What kind of mark have American women made on wildlife conservation?
A profound one.
First, meet some of the many talented women who manage refuges today. These include Shannon Smith, at Kaua'i National Wildlife Refuge Complex in Hawaii; Susan Silander, at the Caribbean Refuge Complex; Susan White, at the Pacific Reefs Refuge Complex; and Raye Nilius, at South Carolina’s Low Country Refuge Complex.
The pioneer era isn’t over. Just ask Heather Bartlett, not yet 30, the U.S. Fish and Wildlife Service’s only female pilot/law enforcement officer, assigned to the Arctic Refuge.
National wildlife refuges also honor the legacy of outstanding women conservation leaders through the names of some refuges and refuge facilities. Books, photos and historic displays also tell their stories. The Refuge System is count women among its historic conservation heroes.
The best-known of these women is American conservation legend Rachel Carson. The author of Silent Spring (1962), the book that led the nation to confront the toll of pesticides on the environment, Carson began her career with the U.S. Fish and Wildlife Service. A refuge on the southern coast of Maine now bears her name.
Other women leaders whose names are tied to refuges include:
- Elizabeth A. Morton, who donated 187 acres of land in Long Island, New York, to protect habitat from commercial development,
- Elizabeth Hartwell, who spearheaded a grassroots movement to protect habitat on the Mason Neck peninsula in Virginia,
- Julia Butler Hansen, who worked closely with the Refuge System and other natural resource agencies during her 14 years in the House of Representatives, and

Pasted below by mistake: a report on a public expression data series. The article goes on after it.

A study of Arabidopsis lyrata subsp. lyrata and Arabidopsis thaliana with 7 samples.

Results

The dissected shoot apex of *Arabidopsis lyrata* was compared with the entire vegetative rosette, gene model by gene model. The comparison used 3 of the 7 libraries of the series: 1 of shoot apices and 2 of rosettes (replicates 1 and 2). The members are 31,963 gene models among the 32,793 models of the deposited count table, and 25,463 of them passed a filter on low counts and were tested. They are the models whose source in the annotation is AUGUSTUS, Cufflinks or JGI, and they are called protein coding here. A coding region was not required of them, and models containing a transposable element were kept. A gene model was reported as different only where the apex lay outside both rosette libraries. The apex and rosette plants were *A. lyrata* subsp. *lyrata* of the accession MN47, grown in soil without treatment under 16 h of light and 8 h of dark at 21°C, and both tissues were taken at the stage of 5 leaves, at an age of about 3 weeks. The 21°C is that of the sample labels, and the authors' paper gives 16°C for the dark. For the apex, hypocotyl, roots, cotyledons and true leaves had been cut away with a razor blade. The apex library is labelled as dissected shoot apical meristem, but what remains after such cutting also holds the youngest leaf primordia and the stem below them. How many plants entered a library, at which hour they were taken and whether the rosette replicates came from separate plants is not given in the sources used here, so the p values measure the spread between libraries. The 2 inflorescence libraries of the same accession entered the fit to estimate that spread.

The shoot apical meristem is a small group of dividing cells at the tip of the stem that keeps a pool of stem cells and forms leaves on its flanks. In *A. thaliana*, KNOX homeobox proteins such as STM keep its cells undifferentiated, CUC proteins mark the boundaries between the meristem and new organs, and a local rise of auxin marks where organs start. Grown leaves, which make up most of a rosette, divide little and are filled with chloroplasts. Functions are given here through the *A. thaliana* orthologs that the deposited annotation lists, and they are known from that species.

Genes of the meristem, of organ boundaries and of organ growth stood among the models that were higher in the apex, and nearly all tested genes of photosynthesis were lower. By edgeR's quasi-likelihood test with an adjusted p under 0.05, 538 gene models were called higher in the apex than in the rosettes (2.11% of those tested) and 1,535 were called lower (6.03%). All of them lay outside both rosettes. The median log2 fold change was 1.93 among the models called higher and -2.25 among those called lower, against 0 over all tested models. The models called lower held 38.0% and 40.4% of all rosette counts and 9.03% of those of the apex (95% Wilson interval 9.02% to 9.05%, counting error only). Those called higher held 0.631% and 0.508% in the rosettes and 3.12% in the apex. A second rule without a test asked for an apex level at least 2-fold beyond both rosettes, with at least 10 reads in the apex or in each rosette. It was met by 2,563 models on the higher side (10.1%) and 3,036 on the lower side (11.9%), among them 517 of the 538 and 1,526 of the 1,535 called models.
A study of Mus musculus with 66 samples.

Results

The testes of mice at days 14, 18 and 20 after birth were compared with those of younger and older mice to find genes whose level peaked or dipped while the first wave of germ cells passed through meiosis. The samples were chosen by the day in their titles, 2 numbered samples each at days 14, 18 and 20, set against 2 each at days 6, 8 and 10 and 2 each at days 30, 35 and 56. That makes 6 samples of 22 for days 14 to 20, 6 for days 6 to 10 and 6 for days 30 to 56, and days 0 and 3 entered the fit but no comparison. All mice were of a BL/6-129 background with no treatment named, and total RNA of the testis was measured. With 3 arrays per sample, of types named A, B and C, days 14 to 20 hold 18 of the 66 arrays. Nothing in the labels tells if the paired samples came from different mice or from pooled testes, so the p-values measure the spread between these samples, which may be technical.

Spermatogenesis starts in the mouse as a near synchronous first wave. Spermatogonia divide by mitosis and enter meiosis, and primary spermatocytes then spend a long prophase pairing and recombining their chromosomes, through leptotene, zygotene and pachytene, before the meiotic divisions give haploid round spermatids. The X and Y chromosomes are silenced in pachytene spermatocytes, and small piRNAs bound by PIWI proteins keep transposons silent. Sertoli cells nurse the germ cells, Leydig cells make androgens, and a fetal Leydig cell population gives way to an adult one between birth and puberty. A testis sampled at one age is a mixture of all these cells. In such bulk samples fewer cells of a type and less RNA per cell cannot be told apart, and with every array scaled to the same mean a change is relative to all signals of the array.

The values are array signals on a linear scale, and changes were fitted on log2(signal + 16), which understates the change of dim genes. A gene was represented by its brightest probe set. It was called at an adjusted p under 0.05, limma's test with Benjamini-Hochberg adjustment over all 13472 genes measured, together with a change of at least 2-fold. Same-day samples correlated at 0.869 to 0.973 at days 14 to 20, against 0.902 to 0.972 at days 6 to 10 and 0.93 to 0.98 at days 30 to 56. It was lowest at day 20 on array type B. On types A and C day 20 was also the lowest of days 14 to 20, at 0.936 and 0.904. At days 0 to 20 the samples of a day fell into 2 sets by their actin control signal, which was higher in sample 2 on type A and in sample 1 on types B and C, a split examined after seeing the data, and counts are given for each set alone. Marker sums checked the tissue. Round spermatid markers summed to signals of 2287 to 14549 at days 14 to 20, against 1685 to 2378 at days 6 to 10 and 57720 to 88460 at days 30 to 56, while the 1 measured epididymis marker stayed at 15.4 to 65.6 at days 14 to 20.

- Contaminant researcher Lucille Farrier Stickel, former director of the Patuxent Research Center at Patuxent Research Refuge in Maryland, where laboratories still bear her name.
Photos and displays at the National Conservation Training Center in Shepherdstown, WV, recall two giants of the conservation movement: Mardy Murie and Mollie Beattie. Both exerted special efforts on behalf of America’s last great frontier: Alaska. Murie, with her husband Olaus, pushed for passage of the Wilderness Act and the creation of Arctic National Wildlife Refuge. In 1998 President Clinton awarded her the Presidential Medal of Freedom. Beattie, the Service’s first woman director from 1993 to 1996, is memorialized in the Mollie Beattie Wilderness in Arctic Refuge.
Less well-known conservation heroes include journalist Esther Lape and attorney Elizabeth Read, women’s rights advocates and friends of Eleanor Roosevelt, who donated the Salt Meadow Unit of the Stewart B. McKinney National Wildlife Refuge in Connecticut to protect it from development.
Get great images to share with your friends and family on our Flickr site! Check out the set Women Leaders on Refuges.